A major step was taken Tuesday in the Joseph Wielzen murder trial, as the prosecution rested and the defense began to put forth its case in favor of the defendant.

The district attorney’s office called doctors from the Knox County Regional Forensic Center as their two final witnesses during the fifth day of the trial.

The first one to take the stand was Dr. Darinka Mileusnic, who is the chief medical examiner and was deemed as an expert in the field of medical forensics.

“The forensic autopsy actually starts at the (crime) scene,” said Mileusnic. “How the victim was found, what conditions they were in, and the state of the body.”

According to Mileusnic they also look through the victim’s medical history to determine if there were any factors that may have aided in the victim’s death.

“We have to see the importance of trauma vs disease,” said Mileusnic. “There are cases where one or the other has to be considered.”

Tenth Judicial District Attorney General Steve Crump asked Mileusnic if she could describe her findings to the jury.

“The anatomical findings were … blunt force trauma to the head, resulting in extensive cranial cerebral injuries,” said Mileusnic.

Other injuries were also found on the body, consisting of a puncture wound on the victim’s right arm along with bruising and grass found inside of the body.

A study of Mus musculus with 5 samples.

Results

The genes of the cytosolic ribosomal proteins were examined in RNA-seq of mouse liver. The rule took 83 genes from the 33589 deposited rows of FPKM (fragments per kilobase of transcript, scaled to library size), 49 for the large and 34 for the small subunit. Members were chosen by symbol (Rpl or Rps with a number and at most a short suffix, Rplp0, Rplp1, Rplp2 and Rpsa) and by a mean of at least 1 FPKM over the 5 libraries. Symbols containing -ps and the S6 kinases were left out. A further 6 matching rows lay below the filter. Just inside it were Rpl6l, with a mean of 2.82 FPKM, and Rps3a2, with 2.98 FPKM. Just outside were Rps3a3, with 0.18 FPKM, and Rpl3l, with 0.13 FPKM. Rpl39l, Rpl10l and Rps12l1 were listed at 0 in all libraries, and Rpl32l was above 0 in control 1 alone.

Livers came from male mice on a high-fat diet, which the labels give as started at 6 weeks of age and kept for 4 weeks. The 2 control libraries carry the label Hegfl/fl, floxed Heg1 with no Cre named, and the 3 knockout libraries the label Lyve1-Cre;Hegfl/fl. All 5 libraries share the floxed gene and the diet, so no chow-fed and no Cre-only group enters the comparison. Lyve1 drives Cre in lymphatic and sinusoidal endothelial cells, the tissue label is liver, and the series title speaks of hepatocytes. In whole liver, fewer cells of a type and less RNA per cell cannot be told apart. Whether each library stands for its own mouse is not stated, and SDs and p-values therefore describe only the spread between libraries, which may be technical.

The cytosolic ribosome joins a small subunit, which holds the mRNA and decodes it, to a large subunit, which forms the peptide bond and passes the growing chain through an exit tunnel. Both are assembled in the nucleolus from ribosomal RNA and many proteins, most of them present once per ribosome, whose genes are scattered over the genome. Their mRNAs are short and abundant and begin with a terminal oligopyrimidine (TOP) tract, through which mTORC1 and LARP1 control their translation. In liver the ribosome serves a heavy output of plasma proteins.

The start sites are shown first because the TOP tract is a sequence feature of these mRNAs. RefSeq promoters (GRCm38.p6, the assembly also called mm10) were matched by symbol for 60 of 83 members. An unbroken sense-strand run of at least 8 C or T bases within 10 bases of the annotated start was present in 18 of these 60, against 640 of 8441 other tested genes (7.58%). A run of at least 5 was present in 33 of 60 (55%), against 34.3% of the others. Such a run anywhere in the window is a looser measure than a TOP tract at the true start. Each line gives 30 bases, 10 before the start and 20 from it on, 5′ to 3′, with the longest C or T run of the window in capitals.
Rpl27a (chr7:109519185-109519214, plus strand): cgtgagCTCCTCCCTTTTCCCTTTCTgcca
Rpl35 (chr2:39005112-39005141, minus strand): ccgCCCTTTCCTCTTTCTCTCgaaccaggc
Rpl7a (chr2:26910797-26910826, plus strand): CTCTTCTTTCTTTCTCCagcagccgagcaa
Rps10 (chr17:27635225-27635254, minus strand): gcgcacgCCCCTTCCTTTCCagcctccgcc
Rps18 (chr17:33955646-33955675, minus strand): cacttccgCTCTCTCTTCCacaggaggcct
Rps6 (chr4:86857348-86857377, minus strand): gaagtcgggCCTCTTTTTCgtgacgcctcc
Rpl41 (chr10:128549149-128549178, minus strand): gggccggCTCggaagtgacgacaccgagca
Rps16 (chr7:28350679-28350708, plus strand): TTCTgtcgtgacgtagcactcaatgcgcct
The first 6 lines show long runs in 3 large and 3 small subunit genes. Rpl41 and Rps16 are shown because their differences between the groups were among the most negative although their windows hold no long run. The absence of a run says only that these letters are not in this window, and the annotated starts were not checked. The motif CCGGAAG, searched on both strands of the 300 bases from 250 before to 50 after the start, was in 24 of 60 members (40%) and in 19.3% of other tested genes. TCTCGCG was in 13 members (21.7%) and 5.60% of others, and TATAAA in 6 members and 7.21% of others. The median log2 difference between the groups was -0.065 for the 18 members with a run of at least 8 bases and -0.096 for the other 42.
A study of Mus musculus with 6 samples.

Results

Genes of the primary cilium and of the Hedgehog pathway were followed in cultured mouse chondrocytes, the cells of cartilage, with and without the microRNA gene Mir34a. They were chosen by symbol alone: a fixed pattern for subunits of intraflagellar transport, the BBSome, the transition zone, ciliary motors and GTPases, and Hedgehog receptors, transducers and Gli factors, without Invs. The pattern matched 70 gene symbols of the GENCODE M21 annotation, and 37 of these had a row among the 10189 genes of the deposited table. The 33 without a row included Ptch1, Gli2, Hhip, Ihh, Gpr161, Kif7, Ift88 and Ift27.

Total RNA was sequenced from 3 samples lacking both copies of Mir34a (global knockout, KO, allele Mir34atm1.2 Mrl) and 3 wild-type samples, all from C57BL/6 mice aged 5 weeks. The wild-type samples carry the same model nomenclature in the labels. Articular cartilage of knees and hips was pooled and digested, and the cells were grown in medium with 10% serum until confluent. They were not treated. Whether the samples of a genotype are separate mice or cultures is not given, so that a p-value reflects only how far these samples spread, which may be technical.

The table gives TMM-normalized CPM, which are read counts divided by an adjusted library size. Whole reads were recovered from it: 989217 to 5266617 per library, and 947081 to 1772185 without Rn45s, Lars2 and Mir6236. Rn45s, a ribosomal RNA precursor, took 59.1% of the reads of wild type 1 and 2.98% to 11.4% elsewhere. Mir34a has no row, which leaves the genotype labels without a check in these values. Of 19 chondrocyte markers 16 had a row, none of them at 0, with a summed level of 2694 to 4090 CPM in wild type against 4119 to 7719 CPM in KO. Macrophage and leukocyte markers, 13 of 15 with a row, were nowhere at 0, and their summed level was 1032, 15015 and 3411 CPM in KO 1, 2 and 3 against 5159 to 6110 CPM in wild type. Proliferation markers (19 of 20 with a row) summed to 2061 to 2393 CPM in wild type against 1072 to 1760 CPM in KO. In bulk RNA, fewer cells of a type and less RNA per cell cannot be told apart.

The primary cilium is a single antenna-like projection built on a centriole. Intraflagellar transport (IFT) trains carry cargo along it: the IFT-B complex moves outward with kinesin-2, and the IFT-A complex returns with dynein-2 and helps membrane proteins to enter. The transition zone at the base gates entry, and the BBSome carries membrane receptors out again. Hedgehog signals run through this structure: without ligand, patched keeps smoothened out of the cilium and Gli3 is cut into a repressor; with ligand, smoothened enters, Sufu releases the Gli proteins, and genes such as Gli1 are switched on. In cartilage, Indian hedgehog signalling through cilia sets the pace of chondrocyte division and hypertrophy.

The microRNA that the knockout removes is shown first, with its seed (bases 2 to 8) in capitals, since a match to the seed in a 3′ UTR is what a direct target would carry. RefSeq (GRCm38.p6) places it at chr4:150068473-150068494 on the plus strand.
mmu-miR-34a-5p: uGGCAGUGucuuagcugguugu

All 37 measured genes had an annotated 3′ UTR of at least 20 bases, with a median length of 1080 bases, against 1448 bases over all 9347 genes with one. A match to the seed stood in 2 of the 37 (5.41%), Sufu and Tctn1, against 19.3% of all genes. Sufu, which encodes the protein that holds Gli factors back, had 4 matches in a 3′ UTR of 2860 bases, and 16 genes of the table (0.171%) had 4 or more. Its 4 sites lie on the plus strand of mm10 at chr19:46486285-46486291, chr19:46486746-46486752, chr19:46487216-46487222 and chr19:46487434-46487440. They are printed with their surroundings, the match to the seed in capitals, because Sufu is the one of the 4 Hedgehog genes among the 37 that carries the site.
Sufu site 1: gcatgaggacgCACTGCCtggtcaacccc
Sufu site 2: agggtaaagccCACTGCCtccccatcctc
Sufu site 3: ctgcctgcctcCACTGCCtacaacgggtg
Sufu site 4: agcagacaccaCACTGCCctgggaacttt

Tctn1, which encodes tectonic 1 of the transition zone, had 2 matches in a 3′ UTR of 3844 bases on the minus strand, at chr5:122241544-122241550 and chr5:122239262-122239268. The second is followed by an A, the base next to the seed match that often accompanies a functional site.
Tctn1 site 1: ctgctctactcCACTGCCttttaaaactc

The state of the victim’s body made it difficult for the medical examiners to obtain more information due to the environment the body was found in.

“Because the victim was dead for several days and it was July and in a trash can … all that sped up the decomposition of the body,” Mileusnic explained.

After seeing Kelsey Burnette’s remains, Mileusnic was able to make a guess on the amount of blunt force trauma the victim received.

“When I examined Kelsey I said the area around her forehead had a minimum of four blows,” said Mileusnic.

Dr. Murray Marks, who works in forensic dentistry for the University of Tennessee and as a forensic anthropologist for the Knox County Regional Forensic Center, helped identify the victim as Kelsey Burnette through her dental records.

“My role was to identify the victim or to look at skeletal biology,” said Marks. “Once the identity was made my role became to specifically look at trauma.”

Marks agreed with Mileusnic’s reports but made a few findings of his own.

“What I did was take the remains, particularly the skull, and processed it,” said Marks. “Then reconstruct it so that I can understand the trauma aspect.”

He explained that it appeared much of the damage was to the front of Burnette’s head.

“The skull is divided into a bulb and a facial skeleton,” said Marks. “The main trauma was to the forehead region … the trauma came from left to right because of the way fracture patterns were.”

The prosecution rested their case after Marks left the stand, allowing the defense to call their own witnesses to the stand.

The first witness called by the defense was Troy Bradford, along with his wife, who lived in the house next door to the residence in question during the time of the incident.

Both told Defense Attorney Andy Brown that they remembered seeing everyone gather in the back yard of the house next door.

“They asked if they could come over and hang out,” said Bradford. “I told them no because they were underage and drinking.”

He did allow three of them over to the house to play games though.

According to the Bradfords, the guests left their house around 4 a.m.

They both claimed to not have heard or seen anything suspicious on that night.

The defense was set to continue its case on Wednesday.